Beauty past and present

These Kenneth Rowell costume designs for the Australian Ballet’s Sleeping Beauty brought back memories of the production’s premiere at the Sydney Opera House.

It was the first ballet performed in the house, in 1973.

The symbolism of Princess Aurora’s awakening makes Beauty the ideal ballet to mark the opening of an opera house – or its re-opening after a time in the dark.

In 1946, the Royal Opera House in Covent Garden re-opened after the war with The Sleeping Beauty while the Bolshoi Theatre has just followed the tradition (in November 2011), re-opening the renovated theatre with a Sleeping Beauty choreographed by Yuri Grigorovich after Marius Petipa. (Scroll down to see images of this and other productions.)

Yet the symbolism of Beauty as a new dawn can sometimes go awry as it did last month when the Spanish choreographer, Nacho Duato, unveiled his first major production as artistic director of the Mikhailovsky Ballet in St Petersburg.

Contemporary dance is in the bones of Duato, the former artistic director of his own company in Spain, so the idea of him leading a Russian ballet company (in a city where Beauty was created) seemed challenging from the start.

The Guardian’s dance critic, Luke Jennings was present at the premiere and recently wrote of the production within the context of the recent machinations in the Russian ballet world.

He found the sets and costumes of Duato’s Beauty, “were charming and the score was conducted with sweeping lyricism by Valery Ovsyanikov.

“The choreographic text, however, was less engaging. While adhering to the original template, Duato had altered the steps to the point where only a ghostly echo of Petipa’s choreography remained. Gone were the jewel-like divertissements, the subtle layers of allegory, the sophisticated use of leitmotif, all replaced by bland pastiche”.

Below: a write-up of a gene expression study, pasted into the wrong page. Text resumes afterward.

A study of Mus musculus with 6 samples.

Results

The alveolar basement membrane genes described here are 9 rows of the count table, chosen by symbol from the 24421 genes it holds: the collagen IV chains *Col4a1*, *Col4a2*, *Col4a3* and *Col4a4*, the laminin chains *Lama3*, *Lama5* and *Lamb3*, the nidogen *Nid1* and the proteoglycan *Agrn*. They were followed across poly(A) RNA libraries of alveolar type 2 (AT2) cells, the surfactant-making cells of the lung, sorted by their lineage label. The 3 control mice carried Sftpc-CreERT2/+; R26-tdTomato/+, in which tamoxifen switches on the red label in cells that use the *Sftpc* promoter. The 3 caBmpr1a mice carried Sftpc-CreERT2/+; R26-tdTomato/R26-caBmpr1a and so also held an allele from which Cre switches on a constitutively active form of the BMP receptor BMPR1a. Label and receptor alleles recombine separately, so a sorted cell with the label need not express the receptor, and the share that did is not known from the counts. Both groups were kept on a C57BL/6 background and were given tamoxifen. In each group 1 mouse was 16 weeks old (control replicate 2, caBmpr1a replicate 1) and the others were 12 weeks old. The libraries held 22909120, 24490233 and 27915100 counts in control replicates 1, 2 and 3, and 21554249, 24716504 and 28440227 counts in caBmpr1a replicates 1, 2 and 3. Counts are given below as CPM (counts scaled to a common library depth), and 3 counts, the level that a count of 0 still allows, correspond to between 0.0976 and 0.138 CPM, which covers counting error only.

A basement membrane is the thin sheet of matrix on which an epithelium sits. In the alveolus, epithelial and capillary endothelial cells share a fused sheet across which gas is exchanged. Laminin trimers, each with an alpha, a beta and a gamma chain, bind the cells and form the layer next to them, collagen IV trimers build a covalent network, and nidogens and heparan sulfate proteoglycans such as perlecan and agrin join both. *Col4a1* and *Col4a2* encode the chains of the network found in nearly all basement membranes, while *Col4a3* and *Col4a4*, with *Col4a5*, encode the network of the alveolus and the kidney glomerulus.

Anna Gordeeva of the Moscow News, found the new choreography “a pretty sad sight” and thought Duato seemed “deaf to Tchaikovsky’s score”.

The production is travelling to New York this year for a season at the David H. Koch Theatre at the Lincoln Centre (19-24 June) and will directly follow the Australian Ballet’s one week season there (12-17 June), providing a perfect opportunity for the New York critics to compare and contrast the Beauty recreation with Graeme Murphy’s recreation of Swan Lake.

Incidentally, the Australian Ballet performances are listed on the Lincoln Centre website as “The Australian Ballet Theater”.

Murphy’s Swan Lake, a major hit for the company on its world wide tours, is a safer bet for New York than any of its three Sleeping Beauty productions which include the Helpmann-van Praagh ballet, Maina Gielgud’s production of 1984 and Stanton Welch’s of 2005.

Gielgud’s production was the first ballet to be performed in the State Theatre in the Victorian Arts Centre, and also toured to London in 1988.

Kristian Fredrikson, who worked so successfully with Graeme Murphy on his Swan Lake and Nutcracker, often told me how keen he was to work on a new Beauty. His collaborator when the time came was Welch not Murphy. Fredrikson died in the same year that the Welch production premiered.

Kenneth Rowell’s costume sketches for the 1973 production were published in a lavish souvenir program. A reference copy of the program is held in the performing arts’ program collection of the Mitchell Library in Sydney.